Bukwang Pharmaceutical has signed a multibillion-won contract with University of Dundee’s “Drug Discovery Unit” (DDU) to co-develop a new therapeutic agent for Parkinson’s disease.
|Bukwang Pharmaceutical headquarters in Daebang-dong, Seoul.|
Parkinson’s disease is the second most common neurological disorder, after Alzheimer’s disease, affecting around two people in every 1,000 people. Around 6.1 million people are living with the condition worldwide.
A key biological event in the development of Parkinson’s disease is the accumulation and misfolding of a small protein in the brain called alpha-synuclein, which can kill nerve cells. A study at the University of Oxford has shown that an enzyme, USP8, prevents the natural breakdown of alpha-synuclein.
Working in collaboration with George Tofaris at the University of Oxford, the DDU has identified series of drug-like molecules that block USP8 and could reduce the levels of alpha-synuclein in the brain, potentially providing treatment for Parkinson’s disease.
Bukwang believes that the partnership will strengthen the existing Dundee-Oxford relationship. The company will facilitate an additional three-year program of work at Dundee and Oxford to advance these drug-like molecules toward clinical development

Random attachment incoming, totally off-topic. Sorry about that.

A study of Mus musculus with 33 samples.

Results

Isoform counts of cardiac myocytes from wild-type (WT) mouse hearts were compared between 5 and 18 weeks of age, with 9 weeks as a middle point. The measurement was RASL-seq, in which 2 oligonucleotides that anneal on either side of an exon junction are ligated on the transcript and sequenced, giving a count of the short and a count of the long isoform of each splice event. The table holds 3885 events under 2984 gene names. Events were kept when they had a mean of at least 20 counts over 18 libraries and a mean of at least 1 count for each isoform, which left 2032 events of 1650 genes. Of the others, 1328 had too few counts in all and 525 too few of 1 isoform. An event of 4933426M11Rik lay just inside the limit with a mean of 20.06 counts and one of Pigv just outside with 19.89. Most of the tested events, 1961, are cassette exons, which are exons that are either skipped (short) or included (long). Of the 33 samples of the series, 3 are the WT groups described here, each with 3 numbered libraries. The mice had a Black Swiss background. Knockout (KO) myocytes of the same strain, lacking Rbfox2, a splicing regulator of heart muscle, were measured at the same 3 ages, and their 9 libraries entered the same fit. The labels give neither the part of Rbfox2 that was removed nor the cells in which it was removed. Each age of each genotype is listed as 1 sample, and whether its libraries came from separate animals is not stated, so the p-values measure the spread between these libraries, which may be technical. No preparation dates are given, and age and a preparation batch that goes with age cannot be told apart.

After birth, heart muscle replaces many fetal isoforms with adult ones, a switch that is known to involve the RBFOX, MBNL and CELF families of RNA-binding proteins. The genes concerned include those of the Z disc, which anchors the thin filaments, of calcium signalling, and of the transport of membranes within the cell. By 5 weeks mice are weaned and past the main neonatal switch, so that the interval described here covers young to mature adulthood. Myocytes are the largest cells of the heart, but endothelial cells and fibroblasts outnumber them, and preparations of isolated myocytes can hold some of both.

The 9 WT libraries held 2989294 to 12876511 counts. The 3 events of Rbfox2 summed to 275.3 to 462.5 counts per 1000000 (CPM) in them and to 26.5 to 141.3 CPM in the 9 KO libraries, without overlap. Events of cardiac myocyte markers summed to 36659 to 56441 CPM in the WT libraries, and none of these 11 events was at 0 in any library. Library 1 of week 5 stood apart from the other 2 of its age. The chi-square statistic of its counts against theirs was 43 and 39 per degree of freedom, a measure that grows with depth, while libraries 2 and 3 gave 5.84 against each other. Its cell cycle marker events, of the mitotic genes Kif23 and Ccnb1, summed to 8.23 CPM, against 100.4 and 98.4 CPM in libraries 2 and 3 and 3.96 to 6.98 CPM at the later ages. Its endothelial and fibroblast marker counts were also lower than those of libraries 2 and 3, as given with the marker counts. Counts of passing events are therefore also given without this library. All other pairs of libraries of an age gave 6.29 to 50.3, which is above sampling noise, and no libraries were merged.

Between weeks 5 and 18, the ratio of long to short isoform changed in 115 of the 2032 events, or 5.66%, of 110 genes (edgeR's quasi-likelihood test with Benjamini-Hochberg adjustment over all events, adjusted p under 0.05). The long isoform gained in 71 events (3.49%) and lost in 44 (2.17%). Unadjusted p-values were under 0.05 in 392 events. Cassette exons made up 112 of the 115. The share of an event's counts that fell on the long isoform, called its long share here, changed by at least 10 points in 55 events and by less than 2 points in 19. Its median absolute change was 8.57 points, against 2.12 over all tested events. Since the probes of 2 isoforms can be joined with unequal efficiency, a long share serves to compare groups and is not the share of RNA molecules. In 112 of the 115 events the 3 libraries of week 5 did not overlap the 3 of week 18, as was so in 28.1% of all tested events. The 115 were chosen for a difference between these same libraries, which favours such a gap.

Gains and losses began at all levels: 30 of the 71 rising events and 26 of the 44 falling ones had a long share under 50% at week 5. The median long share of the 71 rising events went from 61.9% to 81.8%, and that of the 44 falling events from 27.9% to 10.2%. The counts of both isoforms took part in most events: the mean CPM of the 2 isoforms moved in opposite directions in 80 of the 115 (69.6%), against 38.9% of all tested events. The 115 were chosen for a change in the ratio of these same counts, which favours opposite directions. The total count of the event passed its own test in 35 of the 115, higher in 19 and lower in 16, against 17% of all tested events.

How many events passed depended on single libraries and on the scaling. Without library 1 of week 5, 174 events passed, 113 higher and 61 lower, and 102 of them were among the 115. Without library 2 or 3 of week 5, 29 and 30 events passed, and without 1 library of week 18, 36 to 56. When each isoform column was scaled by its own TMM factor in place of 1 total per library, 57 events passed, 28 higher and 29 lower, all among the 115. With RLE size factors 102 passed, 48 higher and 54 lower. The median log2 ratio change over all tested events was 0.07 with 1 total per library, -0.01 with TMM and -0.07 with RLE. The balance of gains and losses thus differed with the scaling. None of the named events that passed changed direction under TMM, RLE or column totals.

It aims to formulate therapies for Parkinson’s disease and other diseases that have alpha-synuclein pathology implications. The company holds an exclusive option to acquire global development and commercialization rights of resulting novel molecules.
“We are delighted to be announcing this partnership with Bukwang,” Professor Paul Wyatt, head of the DDU, said. “Drug discovery for neurological disorders is especially challenging and an area where academia and industry need to be working together.”
This project brings together the clinical and translational research expertise in Oxford with Dundee’s professional drug discovery capabilities, allowing us to move one stage further toward a treatment, he added.
Bukwang CEO Yoo Hee-won also said, “Bukwang has a firm focus on research and development and a real commitment to innovation in drug development. We are very impressed with the DDU’s depth of expertise and track record and are pleased to be able to include the University of Oxford in this new partnership.”